Last week I saw Harry Watters perform an absolutely wonderful recital at the Eastern Trombone Workshop at Fort Myer in Arlington, VA. He titled the recital “A Tribute to Carl Fontana” and was joined by four colleagues to fill out a jazz combo. It was truly an incredible hour of music, especially considering the fact that it was at 10:00 AM!
There were many things to be impressed by at this recital. When you closed your eyes, you swore that you were listening to Fontana himself, live and in the flesh. Harry’s doodle tongue is perfect, his slide technique is textbook and his phrasing is clear and brilliant. But there is one thing not on that list that I keep thinking about some four days later: his vibrato.
Harry’s vibrato is really incredible and one of the best I’ve ever heard from a brass player. The jazz style that he was playing in features a lot of slide vibrato and he executed it to perfection. Listening to Harry’s vibrato reminded me that there are four basic variables in the effective use of vibrato:
- The width of the vibrato.
- The speed of the vibrato.
- When you start the vibrato.
- When you end the vibrato.
A great question to ask yourself as a player: do I always use the same width of vibrato? The same speed? Am I always predictable as to when I begin my vibrato? If you are Harry, the answer to these three questions is no. Within one recital, all within the same style of music and all while imitating the same artist the entire time, he had variety to all three of these parameters.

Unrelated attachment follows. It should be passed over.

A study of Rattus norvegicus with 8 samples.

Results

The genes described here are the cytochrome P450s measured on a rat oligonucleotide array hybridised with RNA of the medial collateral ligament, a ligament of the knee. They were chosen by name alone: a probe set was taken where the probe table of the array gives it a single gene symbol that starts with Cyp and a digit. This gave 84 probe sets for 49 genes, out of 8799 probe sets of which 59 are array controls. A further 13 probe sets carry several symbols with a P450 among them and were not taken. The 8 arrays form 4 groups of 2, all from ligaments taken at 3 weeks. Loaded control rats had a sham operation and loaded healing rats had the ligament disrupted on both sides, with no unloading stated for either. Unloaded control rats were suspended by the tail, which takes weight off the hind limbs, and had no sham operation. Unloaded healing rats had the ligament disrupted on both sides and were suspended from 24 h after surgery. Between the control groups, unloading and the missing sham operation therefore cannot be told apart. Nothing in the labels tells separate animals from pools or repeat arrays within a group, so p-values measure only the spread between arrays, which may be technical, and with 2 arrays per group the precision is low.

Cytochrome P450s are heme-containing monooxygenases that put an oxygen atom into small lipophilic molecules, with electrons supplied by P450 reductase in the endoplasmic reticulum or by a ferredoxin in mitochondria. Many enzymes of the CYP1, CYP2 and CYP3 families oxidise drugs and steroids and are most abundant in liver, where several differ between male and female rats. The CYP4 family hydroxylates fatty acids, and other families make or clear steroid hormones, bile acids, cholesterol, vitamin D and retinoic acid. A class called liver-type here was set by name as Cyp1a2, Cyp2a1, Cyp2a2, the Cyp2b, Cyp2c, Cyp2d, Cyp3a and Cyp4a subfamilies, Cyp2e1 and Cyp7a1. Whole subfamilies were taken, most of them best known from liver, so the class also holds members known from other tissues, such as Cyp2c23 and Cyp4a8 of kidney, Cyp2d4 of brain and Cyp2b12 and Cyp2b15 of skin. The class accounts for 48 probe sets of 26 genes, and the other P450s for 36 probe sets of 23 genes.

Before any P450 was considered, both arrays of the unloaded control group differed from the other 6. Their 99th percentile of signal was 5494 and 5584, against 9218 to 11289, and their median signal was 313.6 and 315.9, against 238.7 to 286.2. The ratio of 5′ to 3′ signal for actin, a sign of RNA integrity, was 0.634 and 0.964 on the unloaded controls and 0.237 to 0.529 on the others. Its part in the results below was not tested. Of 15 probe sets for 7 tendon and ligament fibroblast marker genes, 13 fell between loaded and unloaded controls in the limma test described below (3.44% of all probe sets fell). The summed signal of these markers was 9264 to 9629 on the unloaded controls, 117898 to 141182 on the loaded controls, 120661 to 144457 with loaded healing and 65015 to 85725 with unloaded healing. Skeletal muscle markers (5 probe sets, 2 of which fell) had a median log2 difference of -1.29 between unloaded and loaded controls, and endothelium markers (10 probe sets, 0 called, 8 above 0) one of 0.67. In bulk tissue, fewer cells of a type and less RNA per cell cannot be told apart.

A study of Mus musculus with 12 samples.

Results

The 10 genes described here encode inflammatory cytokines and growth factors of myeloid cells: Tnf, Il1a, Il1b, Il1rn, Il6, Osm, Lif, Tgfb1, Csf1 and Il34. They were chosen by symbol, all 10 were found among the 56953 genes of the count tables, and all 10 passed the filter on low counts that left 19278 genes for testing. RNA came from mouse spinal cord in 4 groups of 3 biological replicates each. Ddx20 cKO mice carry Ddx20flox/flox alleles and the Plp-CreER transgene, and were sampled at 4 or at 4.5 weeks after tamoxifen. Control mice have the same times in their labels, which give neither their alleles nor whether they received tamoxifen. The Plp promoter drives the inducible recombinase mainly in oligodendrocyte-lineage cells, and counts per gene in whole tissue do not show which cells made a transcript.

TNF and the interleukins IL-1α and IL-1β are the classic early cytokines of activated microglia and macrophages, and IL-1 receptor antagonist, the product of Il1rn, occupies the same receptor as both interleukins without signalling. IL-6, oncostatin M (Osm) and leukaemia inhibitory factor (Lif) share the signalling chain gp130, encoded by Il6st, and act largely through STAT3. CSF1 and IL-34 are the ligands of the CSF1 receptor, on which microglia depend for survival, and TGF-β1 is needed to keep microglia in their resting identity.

The vibratos of the late, great Roger Voisin of the Boston Symphony and that of Chris Martin of the Chicago Symphony are amazingly different in both their speed and width. Studying all different kinds of vibrato is essential for any student to develop their own voice in this department. That study, for the record, begins and ends with singers. They are who we all try to emulate, period.
It has been my experience that many students use vibrato on any and all long notes when they are attempting to play musically. Vibrato is a wonderful tool for making a long note interesting (one of the best in fact,) but to my ears having a vibrato which is always predictable really robs it of most of its effectiveness.
There were long notes when Harry waited a long time before adding vibrato which created a real sense of tension. There were also some longer notes where he ended the vibrato before he got to the conclusion of the note, ending it with straight tone. This also has a really magical effect when done right.
But there was one note that really registered with me and is the note that inspired this blog post. During one of his jazz ballads, there was a long note that was screaming for vibrato. He had already proven to me that I didn’t know when he was starting the vibrato, when he was ending it or the speed and width of it. He already had me “leaning forward” in my chair in anticipation.
With this long note in particular, he waited, and waited, and waited, and finally the note ended and the vibrato never came. He went on to the next phrase without using the vibrato that I was specifically waiting for. What an effect! It was very moving.
So Harry taught me something last Friday morning. In addition to the four points above to consider when using vibrato I now consider a fifth: should I even use vibrato on any particular note, even if the entire rest of the tune features it. I’ve been thinking about it ever since.